KINGSTON, R.I. – May 07, 2012 – Reudi Correia said she has always had “the caring gene,” and she proved it by taking care of her family in good times and bad while she was growing up. As a nursing student at the University of Rhode Island, she continued in that role as an ambassador for prospective students and their parents, welcoming them to the University and sharing her experiences so they would feel comfortable in the next stage of their lives.
As the North Providence resident prepares to graduate on May 20, she looks forward to caring for people and helping them avoid illnesses for many years to come.
“In high school I volunteered at Rhode Island Hospital, and I really liked watching the nurses,” said Correia. “They were so knowledgeable and respected, and I could ask them anything. I knew that’s what I wanted to be.”
At URI, Correia quickly found allies among the nursing faculty.
“I became friends with many of them,” she said. “I built bonds with them, and they see how far you’ve come and how much you’ve grown. They see us as flowers blooming.”
Correia’s enthusiasm for the URI College of Nursing resulted in her taking a leadership position with the College’s Nursing Ambassadors program.
“We represent the college to prospective students, like we’re mothers that welcome our new students and make them feel like they belong,” she said. “It’s as important that we welcome their parents, too, because their child is about to leave them and we have to allow them to realize that their child is in a great place.”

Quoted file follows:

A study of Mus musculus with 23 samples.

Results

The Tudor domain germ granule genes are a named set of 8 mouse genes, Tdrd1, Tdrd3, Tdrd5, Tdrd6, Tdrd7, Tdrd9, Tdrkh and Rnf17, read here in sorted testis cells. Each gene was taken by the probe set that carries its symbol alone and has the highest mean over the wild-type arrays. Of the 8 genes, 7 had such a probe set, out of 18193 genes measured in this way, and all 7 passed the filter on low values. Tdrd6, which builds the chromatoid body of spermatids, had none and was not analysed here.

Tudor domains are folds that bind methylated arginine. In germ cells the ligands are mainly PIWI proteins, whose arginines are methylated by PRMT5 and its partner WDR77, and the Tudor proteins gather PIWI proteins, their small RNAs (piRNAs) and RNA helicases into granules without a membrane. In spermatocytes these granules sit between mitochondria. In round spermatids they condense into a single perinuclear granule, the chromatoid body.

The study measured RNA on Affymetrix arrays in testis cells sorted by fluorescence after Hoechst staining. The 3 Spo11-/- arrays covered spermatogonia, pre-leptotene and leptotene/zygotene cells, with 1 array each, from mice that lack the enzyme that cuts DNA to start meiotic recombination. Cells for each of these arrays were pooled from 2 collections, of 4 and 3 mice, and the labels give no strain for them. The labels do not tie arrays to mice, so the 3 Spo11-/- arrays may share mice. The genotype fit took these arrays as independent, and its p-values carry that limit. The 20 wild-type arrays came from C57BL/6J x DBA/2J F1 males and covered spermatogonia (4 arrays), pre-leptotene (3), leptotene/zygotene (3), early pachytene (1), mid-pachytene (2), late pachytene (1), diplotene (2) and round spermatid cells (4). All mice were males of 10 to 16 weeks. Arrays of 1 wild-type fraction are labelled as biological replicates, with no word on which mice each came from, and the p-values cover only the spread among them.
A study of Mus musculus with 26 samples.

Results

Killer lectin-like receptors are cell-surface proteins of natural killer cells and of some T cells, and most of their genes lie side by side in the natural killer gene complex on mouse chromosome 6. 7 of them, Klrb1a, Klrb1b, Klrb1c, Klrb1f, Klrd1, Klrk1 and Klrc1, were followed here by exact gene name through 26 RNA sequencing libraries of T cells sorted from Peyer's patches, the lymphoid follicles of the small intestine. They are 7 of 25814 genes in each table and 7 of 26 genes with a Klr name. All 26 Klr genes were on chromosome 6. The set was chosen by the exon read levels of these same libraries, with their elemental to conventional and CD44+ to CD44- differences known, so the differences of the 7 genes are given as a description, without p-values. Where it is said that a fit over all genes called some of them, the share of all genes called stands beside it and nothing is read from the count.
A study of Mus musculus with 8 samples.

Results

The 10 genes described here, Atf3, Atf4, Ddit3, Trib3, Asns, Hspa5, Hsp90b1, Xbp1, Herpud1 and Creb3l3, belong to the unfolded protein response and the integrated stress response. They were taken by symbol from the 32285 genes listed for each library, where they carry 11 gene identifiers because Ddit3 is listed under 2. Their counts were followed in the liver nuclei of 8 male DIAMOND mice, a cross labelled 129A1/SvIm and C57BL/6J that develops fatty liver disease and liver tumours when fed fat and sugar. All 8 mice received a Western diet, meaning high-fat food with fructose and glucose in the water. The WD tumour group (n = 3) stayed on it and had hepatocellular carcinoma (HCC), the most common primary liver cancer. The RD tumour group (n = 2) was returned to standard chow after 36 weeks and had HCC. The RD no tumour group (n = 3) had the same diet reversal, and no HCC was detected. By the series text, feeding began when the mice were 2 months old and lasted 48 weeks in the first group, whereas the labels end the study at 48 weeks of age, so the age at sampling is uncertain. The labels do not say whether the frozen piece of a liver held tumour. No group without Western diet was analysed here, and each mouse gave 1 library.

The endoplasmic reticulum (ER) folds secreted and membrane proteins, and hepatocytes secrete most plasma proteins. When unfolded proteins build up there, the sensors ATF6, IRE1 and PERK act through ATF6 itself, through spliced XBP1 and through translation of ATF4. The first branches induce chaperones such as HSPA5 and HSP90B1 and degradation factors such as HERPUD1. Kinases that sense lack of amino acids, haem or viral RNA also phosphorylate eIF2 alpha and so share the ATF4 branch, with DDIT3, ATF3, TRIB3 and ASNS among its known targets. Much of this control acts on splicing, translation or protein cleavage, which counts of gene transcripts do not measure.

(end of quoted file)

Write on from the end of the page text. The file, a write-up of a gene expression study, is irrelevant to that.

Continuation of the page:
Perhaps Correia’s biggest challenge at URI was in deciding what type of nursing career to pursue. During her clinical rotations, she spent a semester at Hasbro Children’s Hospital where, as difficult as it was to care for a sick child, it was more difficult for the parents.
“The children were usually very young and didn’t understand what was happening to them,” Correia said. “The hardest thing about pediatrics was explaining things to the parents, who were very concerned for their child. It was very difficult to explain what was happening and keep them calm.”
Her rotation at Women and Infants Hospital was equally challenging.
“I initially came in wanting to be a maternity nurse, but I quickly realized that I might not,” she said with a smile. “The pressure is high, and the mother is not in her normal state of mind. It could be rough in there.”
Eventually Correia realized that she wanted to work on a medical-surgical ward caring for patients suffering from a wide variety of ailments, like she did at Roger Williams Hospital in her very first rotation.
“It was my first real introduction to taking care of people with serious illnesses,” she said. “I was nervous and scared, and that’s when you realize that it’s no longer a game. But I loved it.”
After graduation, Correia will apply to the novice nurse program at Rhode Island Hospital, but she hopes to one day earn a master’s degree and become a family nurse practitioner to help prevent illnesses. She is also considering becoming a nurse in the Air Force.
“It’s a scary time to be in the military right now, and my mom doesn’t like it at all, but I really like the idea of taking care of the people who are fighting for our country,” said Correia. “Maybe that’s what I was meant to do.”